The Commerce Commission has been labelled as gutless and ineffective for the deal it did with New Zealand's biggest bank over interest rate swaps.
The harsh criticism has come from Labour's Primary Industries spokesperson Damien O'Connor following the commission's $19 million settlement with the ANZ Bank announced this week.
It is one of three banks the commission has been investigating after complaints about the marketing, promotion and sale of interest rate swaps to rural customers between 2005 and 2009.
Farmer complainants say they were were misled about the risks involved, which in some cases cost them their farms.
Interest rate swaps are like a fixed rate loan that some banks offered farmers and other commercial customers to protect them from rising interest rates.
The commission began an inquiry after complaints from farmers who said swap contracts they bought to protect them from interest rate rises had ended up costing them heavily instead. The rates did the opposite and fell, leaving farmers locked in to higher rates they could only get out of using an expensive buy-out option.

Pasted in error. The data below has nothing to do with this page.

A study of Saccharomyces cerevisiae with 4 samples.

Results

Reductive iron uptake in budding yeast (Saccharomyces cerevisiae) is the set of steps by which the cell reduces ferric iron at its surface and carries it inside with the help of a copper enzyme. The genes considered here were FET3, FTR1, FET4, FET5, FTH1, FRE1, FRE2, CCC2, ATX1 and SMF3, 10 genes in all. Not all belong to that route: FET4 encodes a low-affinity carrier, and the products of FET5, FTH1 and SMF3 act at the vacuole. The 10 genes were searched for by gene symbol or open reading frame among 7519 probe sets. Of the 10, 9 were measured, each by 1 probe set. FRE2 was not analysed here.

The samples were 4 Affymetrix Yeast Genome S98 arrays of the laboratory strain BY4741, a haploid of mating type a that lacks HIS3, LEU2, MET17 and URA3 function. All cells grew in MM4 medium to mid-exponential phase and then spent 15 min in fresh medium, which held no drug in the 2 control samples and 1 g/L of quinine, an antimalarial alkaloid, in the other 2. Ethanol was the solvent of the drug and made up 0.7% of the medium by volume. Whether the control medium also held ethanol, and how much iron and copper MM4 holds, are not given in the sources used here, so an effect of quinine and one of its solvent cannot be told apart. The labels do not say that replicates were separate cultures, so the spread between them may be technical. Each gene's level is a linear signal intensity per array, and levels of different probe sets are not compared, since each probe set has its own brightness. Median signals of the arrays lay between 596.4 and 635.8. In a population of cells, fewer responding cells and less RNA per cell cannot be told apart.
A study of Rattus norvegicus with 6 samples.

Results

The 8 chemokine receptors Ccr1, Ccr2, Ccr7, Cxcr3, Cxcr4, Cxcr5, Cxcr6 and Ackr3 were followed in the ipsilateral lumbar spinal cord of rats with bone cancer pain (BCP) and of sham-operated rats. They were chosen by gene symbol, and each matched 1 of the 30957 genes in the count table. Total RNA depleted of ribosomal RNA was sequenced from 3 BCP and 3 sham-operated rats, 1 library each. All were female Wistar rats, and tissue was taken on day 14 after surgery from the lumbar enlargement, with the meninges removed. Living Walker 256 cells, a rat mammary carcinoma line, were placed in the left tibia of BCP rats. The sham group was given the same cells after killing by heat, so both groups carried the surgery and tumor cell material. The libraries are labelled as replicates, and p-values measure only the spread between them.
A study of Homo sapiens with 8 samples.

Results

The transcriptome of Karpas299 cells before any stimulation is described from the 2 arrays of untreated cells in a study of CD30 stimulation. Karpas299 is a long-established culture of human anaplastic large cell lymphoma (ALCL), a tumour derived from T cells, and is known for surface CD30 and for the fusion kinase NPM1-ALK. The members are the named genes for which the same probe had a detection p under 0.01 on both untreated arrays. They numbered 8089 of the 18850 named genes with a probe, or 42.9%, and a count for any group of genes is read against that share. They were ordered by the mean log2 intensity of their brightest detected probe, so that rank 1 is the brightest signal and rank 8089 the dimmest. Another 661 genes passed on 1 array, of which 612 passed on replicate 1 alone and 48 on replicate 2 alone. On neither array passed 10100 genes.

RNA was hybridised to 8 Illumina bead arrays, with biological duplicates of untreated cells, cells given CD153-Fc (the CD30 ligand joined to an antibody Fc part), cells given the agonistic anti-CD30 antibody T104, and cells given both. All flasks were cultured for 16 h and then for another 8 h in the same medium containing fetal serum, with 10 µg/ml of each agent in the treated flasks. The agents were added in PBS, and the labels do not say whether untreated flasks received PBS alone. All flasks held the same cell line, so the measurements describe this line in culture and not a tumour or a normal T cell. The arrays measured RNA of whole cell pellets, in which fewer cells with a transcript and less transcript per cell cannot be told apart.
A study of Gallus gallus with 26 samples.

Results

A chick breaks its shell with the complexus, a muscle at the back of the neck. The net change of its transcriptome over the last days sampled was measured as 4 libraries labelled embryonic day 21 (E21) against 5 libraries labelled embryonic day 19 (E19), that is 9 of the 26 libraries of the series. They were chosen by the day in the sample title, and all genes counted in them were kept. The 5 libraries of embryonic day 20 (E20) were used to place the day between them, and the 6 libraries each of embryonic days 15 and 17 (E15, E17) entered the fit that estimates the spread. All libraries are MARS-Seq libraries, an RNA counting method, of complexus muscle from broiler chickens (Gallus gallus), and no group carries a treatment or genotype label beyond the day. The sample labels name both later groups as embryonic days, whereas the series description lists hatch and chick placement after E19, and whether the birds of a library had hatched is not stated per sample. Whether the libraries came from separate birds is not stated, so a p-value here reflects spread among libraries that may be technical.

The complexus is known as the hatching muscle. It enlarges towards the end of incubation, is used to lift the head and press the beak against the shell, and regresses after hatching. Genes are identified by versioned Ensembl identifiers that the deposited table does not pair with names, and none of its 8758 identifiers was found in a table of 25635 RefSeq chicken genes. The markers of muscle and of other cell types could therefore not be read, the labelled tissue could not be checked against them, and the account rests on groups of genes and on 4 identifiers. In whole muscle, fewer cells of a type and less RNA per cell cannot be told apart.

Damien O'Connor says the settlement - most of which will go in payments to customers who registered their complaints with the commission - is paltry.
"The Commerce Commission admits, as does the Financial Markets Authority, that fault occurred here, that the banks did mislead customers in the sale of the swap products that ended up costing farmers many many millions of dollars in break fees and extra interest.
"The $18 million is a poultry sum compared to the total amount of loans that were given out by the banks in swap arrangements. The agreement between ANZ and the Commerce Commission effectively removes almost the ability of any farmer to follow on with any claim around a swap loan and that is a huge disadvantage and in my view an unethical situation for the Commerce Commission to arrive at."
The commission talks are continuing with ASB and Westpac.
ANZ says it did not agree with the regulators' view that customers were misled, but it had agreed to a third party review of its processes.